Receiving Wide Coverage ...
Blast from the Fed's Past: Newly released transcripts from the Federal Reserve's 2009 policy meetings offer fresh insight in the mindsets of central bank officials during the rocky aftermath of the financial crisis. The New York Times' Neil Irwin condemns the Fed for worrying so much about the consequences of their actions that they hesitated to adopt stronger measures at the time. "By 2009 virtually the entire committee had a clear understanding of the economic disaster that was underway," he writes. "That clear understanding just did not always carry over to a sense of great urgency." Janet Yellen is exempt from his criticisms, having urged the Fed to expand its bond-buying program (which it eventually did starting in November 2010). The Wall Street Journal zooms in on Yellen's foreboding views of the economy in 2009: "Things are now so bad that I actually open [Fed's staff] economic projections with greater trepidation than my 401(k)," she said at a March 2009 meeting. The Financial Times notes Yellen tempered her calls for more stimulus by urging the committee to work out a plan for unwinding it before getting started. Then-Fed chair Ben Bernanke, meanwhile, was "hobbled by doubts" about how the Fed should respond to grim economy of 2009, according to the Times' Binyamin Appelbaum. He says the transcripts portray Bernanke as a "perceptive judge of economic conditions and a consultative leader who rarely pushed to impose his perspective on his colleagues." A separate Times article pulls out some of the more colorful moments from the transcripts, including some gallows humor from Dallas Fed president Richard Fisher.
Wall Street Journal
A Fed panel run by governor Daniel Tarullo has taken on much of the responsibility for overseeing Wall Street banks over the last five years, displacing the New York Fed's authority, the paper reports. The change is part of an internal restructuring in which "Washington is at the center of bank supervision, exercising control over the Fed's 12 reserve banks, much as the State Department exerts control over embassies," according to the paper. This news comes from a previously undisclosed Fed paper known as the Triangle Document. Anonymice tell the Journal of clashes between Washington Fed officials and New York Fed examiners, with the New York Fed contingent occasionally "shut out of policy meetings and even openly disparaged by Tarullo for failing to stem problems at the banks."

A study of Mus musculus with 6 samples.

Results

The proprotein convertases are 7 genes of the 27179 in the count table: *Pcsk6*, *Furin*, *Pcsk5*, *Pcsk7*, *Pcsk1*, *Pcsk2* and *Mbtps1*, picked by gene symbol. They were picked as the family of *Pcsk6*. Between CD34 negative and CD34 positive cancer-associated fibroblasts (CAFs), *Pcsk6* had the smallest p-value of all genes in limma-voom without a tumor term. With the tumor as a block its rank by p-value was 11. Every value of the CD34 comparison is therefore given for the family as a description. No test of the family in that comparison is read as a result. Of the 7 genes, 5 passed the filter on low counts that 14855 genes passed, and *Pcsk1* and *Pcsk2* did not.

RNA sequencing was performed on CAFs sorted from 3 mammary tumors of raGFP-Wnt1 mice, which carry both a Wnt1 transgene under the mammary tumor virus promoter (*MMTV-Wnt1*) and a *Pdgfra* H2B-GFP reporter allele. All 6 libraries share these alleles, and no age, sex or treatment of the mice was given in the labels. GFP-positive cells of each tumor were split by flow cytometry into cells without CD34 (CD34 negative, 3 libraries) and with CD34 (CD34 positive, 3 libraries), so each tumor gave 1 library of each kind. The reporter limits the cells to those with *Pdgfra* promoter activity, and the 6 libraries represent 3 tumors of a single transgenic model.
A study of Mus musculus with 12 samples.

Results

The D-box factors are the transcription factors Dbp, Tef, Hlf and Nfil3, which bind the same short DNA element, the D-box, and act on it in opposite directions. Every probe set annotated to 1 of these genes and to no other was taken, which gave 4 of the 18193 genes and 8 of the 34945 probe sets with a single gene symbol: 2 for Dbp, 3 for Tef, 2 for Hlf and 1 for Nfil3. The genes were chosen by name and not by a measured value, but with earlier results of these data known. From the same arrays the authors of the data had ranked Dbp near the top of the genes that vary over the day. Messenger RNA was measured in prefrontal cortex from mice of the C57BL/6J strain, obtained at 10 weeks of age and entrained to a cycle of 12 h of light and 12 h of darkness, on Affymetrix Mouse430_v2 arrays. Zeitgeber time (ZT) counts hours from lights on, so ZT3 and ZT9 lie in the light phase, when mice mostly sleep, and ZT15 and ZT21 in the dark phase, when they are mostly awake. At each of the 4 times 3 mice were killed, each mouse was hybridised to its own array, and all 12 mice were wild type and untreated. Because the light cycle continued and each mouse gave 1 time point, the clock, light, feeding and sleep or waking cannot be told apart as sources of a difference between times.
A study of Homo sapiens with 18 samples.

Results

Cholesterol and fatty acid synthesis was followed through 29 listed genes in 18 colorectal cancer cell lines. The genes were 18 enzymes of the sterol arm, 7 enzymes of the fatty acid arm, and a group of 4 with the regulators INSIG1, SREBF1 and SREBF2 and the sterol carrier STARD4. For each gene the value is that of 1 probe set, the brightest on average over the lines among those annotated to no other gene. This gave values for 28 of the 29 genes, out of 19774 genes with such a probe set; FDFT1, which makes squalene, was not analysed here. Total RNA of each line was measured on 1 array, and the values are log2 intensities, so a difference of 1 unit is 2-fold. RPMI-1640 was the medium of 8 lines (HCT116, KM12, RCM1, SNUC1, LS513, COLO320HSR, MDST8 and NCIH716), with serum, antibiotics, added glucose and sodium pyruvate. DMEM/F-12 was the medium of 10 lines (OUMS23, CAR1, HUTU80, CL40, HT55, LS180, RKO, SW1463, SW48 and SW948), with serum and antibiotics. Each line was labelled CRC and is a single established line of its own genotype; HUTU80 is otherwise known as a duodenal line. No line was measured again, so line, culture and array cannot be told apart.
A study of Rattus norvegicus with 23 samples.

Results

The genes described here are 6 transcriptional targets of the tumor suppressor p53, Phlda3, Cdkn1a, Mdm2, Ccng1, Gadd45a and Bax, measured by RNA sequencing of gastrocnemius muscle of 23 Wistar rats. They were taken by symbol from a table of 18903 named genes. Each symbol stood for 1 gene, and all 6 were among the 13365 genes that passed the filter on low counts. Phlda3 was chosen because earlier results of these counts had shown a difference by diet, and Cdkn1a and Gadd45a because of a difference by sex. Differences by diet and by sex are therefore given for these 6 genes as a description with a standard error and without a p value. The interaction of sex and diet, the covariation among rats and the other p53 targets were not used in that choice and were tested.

Bank of America's risk profile is changing in response to new regulatory requirements, but that may work out for investors, according to John Carney of "Heard on the Street." The bank's "long-term earnings power may be diminished, it is taking on less risk for each dollar earned," he writes.
Recent minimum wage increases by states and large retailers may provide some reassurance to the Fed as it considers the timing of its interest rate increase, according to "Heard on the Street." The Fed has been hesitant to raise rates while wages remain stagnant.
Nonbanks are set to cast a shadow over traditional financial institutions' annual profits, according to a Goldman Sachs report. The report predicts shadow banks could snatch more than 7% of U.S. banks' $150 billion annual profits.
The Fed's plan to impose extra capital buffers on the eight biggest U.S. banks is a recipe for disaster, according to University of San Diego professor Frank Partnoy. The problem lies not in the rules' goal but in their "hopelessly complex" design, he writes: they will "create incentives for banks to manipulate their financial statements, hide risks, and engage in dysfunctional strategiesmuch like those that doomed Lehman Brothers and brought the financial system to the brink of collapse seven years ago." A better idea would be to offer big banks a trade, he suggests: regulatory relief in exchange for tough capital requirements.
New York Times
Post-crisis financial reforms haven't done enough to change the way banks do business, according to Jesse Eisinger. He argues banks still rely too much on short-term funding and that their resolution plans remain unfeasible. But the biggest problem, he says, is the financial industry "has become a money-extraction machine, enriching itself while endangering society as a whole." He suggests lowering the fees that bankers charge their clients would help address the issue, but otherwise doesn't go into specific ideas for further reform.
Stress test day is finally upon us or at least part one of the stress tests, in which the Fed announces the results of its capital ratio review. The Times has a handy guide to help readers interpret the results.